Staying on track

Staying on track

We’ve all been in meetings or conversations where things go off track. So, what can you do as a facilitator to bring it back in?

If multiple topics of conversation are brought up and discussions are splitting up, bring the focus back to the meeting and decide as a group which topic you want to pursue first. Keeping in mind that a lot of our clubs will be general in nature and not very regimented in terms of an agenda needing to be covered, so just decide what you’d like to talk about first and you could try jotting down any other ideas or conversation points so that if the conversation starts lacking at a later point, you’ve got something to refer back to.

Keep a list

Similarly, if multiple participants are wanting to speak at the same time, manage it by jotting down the name of who’d like to speak and then give everyone a go without interruption, as we just learnt, we are all about active listening and this is a great example of that in practice.

An example of what you can say if this happens could be “I’m noticing we’ve gone off track a bit here, but I’m still interested in discussing XYZ! How about we chat about XYZ first and then we can circle back to the other conversation?”. If people are talking over one another, you can try “Let’s hear from *Jane* first and then we’ll come back to you *Jill*, is that alright?”.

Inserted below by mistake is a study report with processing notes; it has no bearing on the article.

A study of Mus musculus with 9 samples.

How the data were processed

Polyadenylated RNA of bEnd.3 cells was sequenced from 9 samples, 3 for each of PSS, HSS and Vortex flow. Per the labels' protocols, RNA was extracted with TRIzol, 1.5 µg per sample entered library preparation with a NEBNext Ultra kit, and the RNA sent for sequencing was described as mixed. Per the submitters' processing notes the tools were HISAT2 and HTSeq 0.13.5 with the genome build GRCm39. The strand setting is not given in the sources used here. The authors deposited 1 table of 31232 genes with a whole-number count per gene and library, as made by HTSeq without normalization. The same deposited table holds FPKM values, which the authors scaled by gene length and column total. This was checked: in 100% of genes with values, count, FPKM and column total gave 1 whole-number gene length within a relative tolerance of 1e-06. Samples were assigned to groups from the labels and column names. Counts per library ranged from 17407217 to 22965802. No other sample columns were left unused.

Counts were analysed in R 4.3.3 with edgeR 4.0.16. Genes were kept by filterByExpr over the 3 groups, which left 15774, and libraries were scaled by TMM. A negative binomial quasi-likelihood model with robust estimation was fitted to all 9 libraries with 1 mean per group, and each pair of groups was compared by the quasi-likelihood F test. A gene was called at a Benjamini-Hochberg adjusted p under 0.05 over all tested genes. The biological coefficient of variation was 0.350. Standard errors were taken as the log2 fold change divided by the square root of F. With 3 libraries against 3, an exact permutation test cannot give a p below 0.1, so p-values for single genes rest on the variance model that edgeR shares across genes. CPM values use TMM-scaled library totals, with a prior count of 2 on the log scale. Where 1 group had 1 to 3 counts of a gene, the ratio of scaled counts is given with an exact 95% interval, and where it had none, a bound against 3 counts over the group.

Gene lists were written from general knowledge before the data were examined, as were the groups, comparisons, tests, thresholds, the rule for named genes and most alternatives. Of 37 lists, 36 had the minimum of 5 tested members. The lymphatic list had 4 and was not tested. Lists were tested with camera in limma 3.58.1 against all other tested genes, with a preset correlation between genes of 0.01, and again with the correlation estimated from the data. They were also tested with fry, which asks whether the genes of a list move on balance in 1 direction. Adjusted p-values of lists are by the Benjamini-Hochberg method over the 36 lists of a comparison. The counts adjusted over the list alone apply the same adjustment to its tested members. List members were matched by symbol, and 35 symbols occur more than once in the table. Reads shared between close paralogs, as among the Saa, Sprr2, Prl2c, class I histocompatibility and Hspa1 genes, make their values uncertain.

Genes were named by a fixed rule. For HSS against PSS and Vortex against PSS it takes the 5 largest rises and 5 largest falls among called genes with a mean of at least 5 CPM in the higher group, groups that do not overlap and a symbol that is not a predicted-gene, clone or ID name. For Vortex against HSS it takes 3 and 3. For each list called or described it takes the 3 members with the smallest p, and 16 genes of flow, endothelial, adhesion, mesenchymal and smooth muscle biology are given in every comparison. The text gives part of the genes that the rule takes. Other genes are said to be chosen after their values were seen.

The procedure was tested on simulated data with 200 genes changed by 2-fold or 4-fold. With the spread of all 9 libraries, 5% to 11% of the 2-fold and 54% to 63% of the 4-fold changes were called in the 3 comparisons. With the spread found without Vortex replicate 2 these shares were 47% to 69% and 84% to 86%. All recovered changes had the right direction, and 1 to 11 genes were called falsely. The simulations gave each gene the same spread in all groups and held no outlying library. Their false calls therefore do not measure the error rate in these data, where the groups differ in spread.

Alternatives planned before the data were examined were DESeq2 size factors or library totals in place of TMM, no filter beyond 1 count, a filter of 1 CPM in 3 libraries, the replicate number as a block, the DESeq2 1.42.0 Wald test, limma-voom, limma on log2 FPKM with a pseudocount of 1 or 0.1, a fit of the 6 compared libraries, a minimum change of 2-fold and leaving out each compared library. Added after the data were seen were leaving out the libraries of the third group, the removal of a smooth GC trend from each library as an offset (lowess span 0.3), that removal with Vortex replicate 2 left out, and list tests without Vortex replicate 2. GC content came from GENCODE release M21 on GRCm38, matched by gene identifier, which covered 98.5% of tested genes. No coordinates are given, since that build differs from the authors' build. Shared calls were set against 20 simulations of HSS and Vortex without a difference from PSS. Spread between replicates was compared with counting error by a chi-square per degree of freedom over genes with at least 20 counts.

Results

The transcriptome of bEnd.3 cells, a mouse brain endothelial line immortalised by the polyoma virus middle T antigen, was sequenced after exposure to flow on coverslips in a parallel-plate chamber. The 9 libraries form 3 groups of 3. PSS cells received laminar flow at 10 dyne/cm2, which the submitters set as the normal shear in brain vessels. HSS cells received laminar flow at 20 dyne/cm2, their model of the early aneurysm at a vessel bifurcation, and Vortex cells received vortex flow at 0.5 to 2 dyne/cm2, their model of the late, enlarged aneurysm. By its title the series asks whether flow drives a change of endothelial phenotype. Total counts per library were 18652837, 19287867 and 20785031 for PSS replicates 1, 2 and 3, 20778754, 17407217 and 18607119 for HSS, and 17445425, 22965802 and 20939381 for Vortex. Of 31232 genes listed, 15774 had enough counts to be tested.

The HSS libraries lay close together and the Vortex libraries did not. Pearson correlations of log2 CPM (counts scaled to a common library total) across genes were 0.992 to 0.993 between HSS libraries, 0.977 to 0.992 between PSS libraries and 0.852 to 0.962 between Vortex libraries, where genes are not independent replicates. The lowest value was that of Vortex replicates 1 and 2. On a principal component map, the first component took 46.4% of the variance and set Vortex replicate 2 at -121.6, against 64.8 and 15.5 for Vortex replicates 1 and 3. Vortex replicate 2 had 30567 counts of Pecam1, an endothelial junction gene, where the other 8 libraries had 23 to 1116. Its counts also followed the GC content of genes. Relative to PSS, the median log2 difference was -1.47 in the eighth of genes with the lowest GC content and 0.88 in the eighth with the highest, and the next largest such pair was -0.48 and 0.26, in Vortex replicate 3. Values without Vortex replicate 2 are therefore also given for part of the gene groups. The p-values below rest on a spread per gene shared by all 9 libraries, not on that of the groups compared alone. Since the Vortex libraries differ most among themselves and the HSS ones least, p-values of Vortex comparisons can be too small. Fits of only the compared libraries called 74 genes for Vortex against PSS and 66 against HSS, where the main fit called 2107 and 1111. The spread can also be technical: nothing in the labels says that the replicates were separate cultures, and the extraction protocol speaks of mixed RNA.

This is why preparation before your meeting might come in handy, so you’ve got a clear idea of what your topics are or have a list of conversation points you think could be interesting for the group to discuss.

You’re the guide

As a facilitator, you’re there to guide a conversation, provide direction and coordination. Your job is not to be an expert in material or to figure out how everyone should contribute to a group discussion.

Invite, but don’t force participation and help people to “save face” by trying not to put them on the spot directly. You can try this by making an effort to engage everyone, by asking them an individual or direct, but open-ended question and really listening to their response, and then asking them to elaborate. If you’re ever concerned about someone not engaging or participating, mention it to your ESO at your next check-in, and they can help you work through that.

Make peace with silence! If you ask a question and no one answers, avoid answering your own question or following it up with another one straight away. You want to set an expectation for dialogue, not monologue, so give it space to actually happen.

When you are facilitating, try an 8-10 second rule and allow for that long of silence before asking a different question, re-wording the question or prompting a response from somebody because people need time to process a question you’ve asked, so expect there to be a delay and don’t follow up with more questions or bombard them with demanding an answer, give them time to process and come up with a response.


Before you wrap up a session, allow some time to pause and reflect or recap on it. Discuss what you’ve taken from the meeting and ask others to reflect as well. Once the meeting is coming to a close, use that time to remind your participants of the day and time of the next session and what you’ll be planning or discussing for that. This helps people process and consolidate what they have learned, and leaves them on a high note with something to look forward to.